Add a dash of excitement to your meals with Shito! This popular hot black pepper sauce that's a cornerstone of Ghanaian cuisine is a feast for the senses. Our article warms you up to its slightly fiery flavours.

Ghana’s black pepper sauce - a fiery treat!

Imagine a sauce that adds a depth of flavour to everything it touches. That's Shito! The famous hot black pepper sauce - a staple in Ghanaian cuisine - adds a kick to any dish! It is also known as ‘Ghana hot pepper sauce’ or ‘Ghana hot sauce’. If you are a foodie, don’t mind a spicy touch to your meals, and are looking for authentic Ghanaian culinary experience, this must be on your list.

Shito has been a part of Ghanaian cooking traditions for generations. While its exact origins are unknown, the use of chilies and spices in West African cuisine dates back centuries. The name "Shito" comes from the Ga language of Ghana, meaning "pepper."

After trying Shito, ketchup simply makes little sense anymore. It is gaining popularity in other parts of the world, among Ghanaians in diaspora, who use it to add a ‘taste of home’ to their meals. Unlike your average bottle of hot sauce, Shito boasts a complex flavour profile. Sure, it packs a spicy punch, but the real magic lies in the unique combination of ingredients.

Shito recipes and spiciness can vary depending on the region, however, the core ingredients remain similar. The key ingredients include chilli peppers (fresh or dried), dried fish, ginger, oil (usually vegetable oil), tomatoes, dried shrimp or shrimp paste, onions, and garlic. Although black pepper is the common ingredient, the colour of the dip can range from deep red (made with fresh peppers) to a rich brown (because of caramelization). Some regions focus on the smoky and savoury aspects, while others crank up the heat with scotch bonnet peppers or habaneros. In coastal areas, you will find versions with a stronger seafood flavour with shrimp paste or crayfish. In the north, nutmeg and cloves add the extra aromatic touch.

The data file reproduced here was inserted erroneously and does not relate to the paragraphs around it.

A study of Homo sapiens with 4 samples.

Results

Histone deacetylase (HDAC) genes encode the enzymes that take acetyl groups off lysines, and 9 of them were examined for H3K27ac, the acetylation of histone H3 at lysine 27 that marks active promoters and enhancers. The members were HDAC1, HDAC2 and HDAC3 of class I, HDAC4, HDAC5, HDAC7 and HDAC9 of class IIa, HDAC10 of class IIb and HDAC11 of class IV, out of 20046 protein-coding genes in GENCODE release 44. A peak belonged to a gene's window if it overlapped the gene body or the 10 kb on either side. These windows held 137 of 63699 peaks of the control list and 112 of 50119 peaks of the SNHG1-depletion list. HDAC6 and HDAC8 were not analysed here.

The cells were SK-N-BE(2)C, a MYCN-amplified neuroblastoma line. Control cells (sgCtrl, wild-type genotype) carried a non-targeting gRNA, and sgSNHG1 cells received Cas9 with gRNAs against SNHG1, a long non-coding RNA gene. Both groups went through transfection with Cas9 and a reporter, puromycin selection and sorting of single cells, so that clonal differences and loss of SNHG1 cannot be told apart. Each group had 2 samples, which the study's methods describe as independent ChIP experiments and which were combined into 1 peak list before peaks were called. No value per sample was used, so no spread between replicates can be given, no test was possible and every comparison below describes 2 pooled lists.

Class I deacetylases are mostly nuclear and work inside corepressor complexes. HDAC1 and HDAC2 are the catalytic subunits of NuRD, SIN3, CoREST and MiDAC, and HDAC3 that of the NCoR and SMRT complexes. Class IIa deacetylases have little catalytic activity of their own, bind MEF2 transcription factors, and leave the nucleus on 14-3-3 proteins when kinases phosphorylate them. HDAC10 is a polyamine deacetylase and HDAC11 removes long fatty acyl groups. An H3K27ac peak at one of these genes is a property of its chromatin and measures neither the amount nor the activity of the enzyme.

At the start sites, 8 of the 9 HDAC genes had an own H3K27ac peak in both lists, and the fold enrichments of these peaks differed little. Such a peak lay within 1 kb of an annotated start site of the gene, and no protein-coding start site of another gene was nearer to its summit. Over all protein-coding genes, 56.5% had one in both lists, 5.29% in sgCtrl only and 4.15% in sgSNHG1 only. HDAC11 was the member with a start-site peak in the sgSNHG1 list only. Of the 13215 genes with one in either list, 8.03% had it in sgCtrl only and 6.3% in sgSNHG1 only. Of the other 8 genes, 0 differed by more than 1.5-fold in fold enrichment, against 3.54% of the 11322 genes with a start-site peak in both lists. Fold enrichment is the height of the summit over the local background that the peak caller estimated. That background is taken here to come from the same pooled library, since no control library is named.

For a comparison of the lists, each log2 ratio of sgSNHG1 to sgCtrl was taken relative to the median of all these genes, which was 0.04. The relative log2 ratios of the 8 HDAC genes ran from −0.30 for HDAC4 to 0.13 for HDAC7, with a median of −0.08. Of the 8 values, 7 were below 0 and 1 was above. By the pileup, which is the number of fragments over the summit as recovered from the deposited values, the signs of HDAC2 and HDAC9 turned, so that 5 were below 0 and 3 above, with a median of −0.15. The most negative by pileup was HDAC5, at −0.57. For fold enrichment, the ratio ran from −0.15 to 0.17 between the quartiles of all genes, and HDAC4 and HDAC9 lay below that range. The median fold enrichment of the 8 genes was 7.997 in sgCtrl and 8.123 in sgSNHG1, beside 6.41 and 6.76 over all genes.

The preparation takes time and patience but it is worth the wait. The cooking process starts with blending the ingredients into puree, then frying the onions until golden brown, adding tomato paste and spices, and then adding the ginger, garlic, pepper, and onion puree. All this mixture then cooks over low heat for about 2 hours until it thickens and turns dark. Then you add fish and shrimp powders and cook it further. The result? A smoky, savoury, and deeply flavourful, umami-like, condiment.

Similar to a chilli sauce or ketchup (just a bit better) it can be used as a side, dip, or dressing. It goes perfectly with Ghanaian dishes like kenkey, waakye, banku, and many others. It can also be simply spread on bread, used in stir-fries, salads, pasta, barbecue meat, fish, or vegetables, or added to soups and stews. It magically adds that perfect kick, depth and character to each bite, to even the simplest of meals.

Another great advantage is that Shito is made with preservation in mind. The slow cooking process and oils allow it to be stored at room temperature for weeks. This is a great staple condiment in Ghanaian households.

Now that you are intrigued by Shito, try it! Why not try making your own? Next time you are looking for a way to add some excitement to your meal, reach for the Shito!
Edite Strautmane

Hi, I’m Edite, I am part of the core team of GhanaTRVL and also one of the Insiders.